What Is the Difference Between Direct and Dealership Financing?

What Is the Difference Between Direct and Dealership Financing?

What’s the first thing you think of when someone says “car loan”? Do you picture someone at a bank asking for a pre-approval? If you did, you’re in the majority. Most auto loans come from banks. But what about financing with a dealership, and is there a difference?

Dealer Financing vs. Direct Financing

Instead of heading to your bank and asking for a car loan, you can head to your local dealership and apply for financing with one of their auto lenders. Most dealers are signed up with third-party lenders or indirect lenders.

Banks and credit unions are direct lenders – you meet with them directly. Dealership financing relies on indirect lenders – you work with the finance manager who's the middleman between you and the lender. Dealers can have many different types of indirect lenders. Some are signed up with credit unions, others have captive lenders, and a few have subprime (bad credit) lenders.

The biggest difference between direct and indirect car loans is who you talk to during the financing process. Other differences include:

  • What Is the Difference Between Direct and Dealership Financing?Direct lenders can often offer lower interest rates because they tend to prefer borrowers with good credit. Credit unions may offer the lowest rates, in some cases, since they’re member-owned and can pass savings onto their clients.
  • The captive lenders of automakers can offer rebates and 0% APRs to borrowers with qualifying credit scores. Some examples of captive lenders are Ford Motor Credit and GM Financial. If you have good credit, financing with a captive lender could save you money on a brand-new vehicle if you take advantage of rebates and special offers.
  • Dealerships can have more bad credit financing options because some are signed up with subprime lenders – a.k.a. special financing. These lenders look at more than just your credit reports, and evaluate many parts of your financial situation to determine eligibility. Many of these dealers cater to borrowers with credit issues and those who want to improve their credit score with an auto loan.
  • Some dealerships aren’t signed up with lenders at all, and instead use what’s called in-house financing. These are also referred to as buy here pay here (BHPH) used car lots, or tote the note dealers. They ask for a down payment, verify your income, and work from there. However, they may not report the auto loan, so credit repair may not be an option.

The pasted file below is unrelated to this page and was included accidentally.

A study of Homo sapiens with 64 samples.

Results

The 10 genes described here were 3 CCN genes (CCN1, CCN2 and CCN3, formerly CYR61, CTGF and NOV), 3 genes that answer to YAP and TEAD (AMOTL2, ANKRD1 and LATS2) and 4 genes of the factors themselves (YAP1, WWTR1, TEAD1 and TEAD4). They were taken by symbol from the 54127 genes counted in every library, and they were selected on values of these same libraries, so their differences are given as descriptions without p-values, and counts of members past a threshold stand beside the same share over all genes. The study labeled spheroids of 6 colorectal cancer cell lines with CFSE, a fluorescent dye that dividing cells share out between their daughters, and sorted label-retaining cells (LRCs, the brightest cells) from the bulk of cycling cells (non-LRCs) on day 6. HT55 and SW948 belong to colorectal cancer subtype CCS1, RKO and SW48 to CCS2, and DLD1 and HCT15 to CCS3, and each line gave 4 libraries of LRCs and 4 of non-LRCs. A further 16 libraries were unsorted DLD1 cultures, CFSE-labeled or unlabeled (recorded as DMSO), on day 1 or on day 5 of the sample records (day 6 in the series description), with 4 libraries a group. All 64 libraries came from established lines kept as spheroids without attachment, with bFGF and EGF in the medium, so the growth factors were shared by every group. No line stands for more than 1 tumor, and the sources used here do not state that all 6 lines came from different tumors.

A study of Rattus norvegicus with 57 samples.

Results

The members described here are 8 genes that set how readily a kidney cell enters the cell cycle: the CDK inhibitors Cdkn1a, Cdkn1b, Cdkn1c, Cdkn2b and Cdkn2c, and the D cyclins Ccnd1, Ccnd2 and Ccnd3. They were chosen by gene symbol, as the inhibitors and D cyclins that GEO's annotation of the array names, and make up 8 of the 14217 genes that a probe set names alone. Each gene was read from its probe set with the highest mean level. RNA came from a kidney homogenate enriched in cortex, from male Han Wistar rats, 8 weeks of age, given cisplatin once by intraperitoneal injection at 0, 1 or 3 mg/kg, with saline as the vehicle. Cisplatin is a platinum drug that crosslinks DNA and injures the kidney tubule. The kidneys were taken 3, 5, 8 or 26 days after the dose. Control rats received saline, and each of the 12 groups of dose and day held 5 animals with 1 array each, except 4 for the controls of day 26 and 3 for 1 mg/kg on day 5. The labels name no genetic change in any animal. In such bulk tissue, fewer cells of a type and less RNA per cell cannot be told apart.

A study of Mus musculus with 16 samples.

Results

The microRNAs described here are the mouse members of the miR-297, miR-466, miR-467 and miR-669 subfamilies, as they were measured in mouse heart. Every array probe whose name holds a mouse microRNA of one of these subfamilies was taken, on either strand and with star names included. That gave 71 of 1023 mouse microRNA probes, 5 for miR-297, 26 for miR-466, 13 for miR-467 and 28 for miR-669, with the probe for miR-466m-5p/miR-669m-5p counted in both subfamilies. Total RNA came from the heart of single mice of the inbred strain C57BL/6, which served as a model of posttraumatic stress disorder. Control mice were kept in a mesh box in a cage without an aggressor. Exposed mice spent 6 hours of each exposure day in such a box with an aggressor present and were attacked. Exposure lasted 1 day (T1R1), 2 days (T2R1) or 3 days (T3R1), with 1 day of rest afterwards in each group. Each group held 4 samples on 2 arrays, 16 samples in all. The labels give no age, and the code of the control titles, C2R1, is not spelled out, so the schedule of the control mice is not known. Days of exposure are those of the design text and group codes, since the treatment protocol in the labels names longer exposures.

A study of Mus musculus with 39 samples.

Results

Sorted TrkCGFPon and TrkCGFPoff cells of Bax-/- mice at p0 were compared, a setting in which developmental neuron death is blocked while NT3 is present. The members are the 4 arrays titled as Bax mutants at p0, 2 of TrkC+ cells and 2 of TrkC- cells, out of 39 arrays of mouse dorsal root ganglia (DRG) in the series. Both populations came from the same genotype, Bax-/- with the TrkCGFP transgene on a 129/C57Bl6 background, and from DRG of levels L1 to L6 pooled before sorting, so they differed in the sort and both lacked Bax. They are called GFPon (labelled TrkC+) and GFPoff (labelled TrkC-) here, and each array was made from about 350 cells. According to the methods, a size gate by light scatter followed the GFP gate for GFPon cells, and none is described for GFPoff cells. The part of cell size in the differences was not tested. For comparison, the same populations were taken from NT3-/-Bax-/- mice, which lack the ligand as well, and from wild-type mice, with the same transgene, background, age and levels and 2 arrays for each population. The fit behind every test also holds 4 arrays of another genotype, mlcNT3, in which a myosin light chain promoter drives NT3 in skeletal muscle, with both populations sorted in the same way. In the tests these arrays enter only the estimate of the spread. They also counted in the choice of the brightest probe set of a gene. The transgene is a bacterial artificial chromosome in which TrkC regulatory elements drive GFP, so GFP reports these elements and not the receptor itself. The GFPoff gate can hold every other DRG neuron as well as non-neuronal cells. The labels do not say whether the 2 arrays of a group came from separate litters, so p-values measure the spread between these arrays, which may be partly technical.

Which Type of Car Loan Should I Choose?

For borrowers with good credit, you probably can choose whichever financing method is most comfortable for you. Many good credit buyers choose to finance with their own financial institution since a borrower in good standing at their own bank or credit union is more likely to qualify for a loan there.

Additionally, direct lenders use pre-approvals, which allows you to shop like a cash buyer. The lender cuts you a check for your pre-approval amount, and you can head to any dealership you’d like. However, these can be hard to qualify for if your credit isn’t great.

With poor credit, financing with a dealer’s indirect lenders offers you the best shot at getting your hands on a car loan. Special finance dealerships signed up with subprime lenders often assist borrowers with credit challenges, such as bankruptcy, a past repossession, or situational or habitual bad credit. For many direct lenders, a poor credit score is reason enough for a denial, but subprime lenders look at the bigger picture.

Need Special Financing?

Special financing is for borrowers with credit issues. If you’re ready to get on the road to better credit while getting the vehicle you need, then consider a subprime loan. These loans are reported to the credit bureaus, so your timely payments improve your credit history. With a better credit score and some patience, you can increase your chances of qualifying for better loan rates and financing rebates in the future.

As we mentioned, not every dealership has special financing options. Those that do can be hard to pick out from the crowd. However, we’ve created a better way of finding a dealer that’s signed up with subprime lenders right here at The Car Connection.

With our vast network of special finance dealerships, we help bad credit borrowers get in touch with a dealer in their local area that can assist with bad credit. Get started right now by filling out our free, zero-obligation auto loan request form, and we’ll get right to work for you.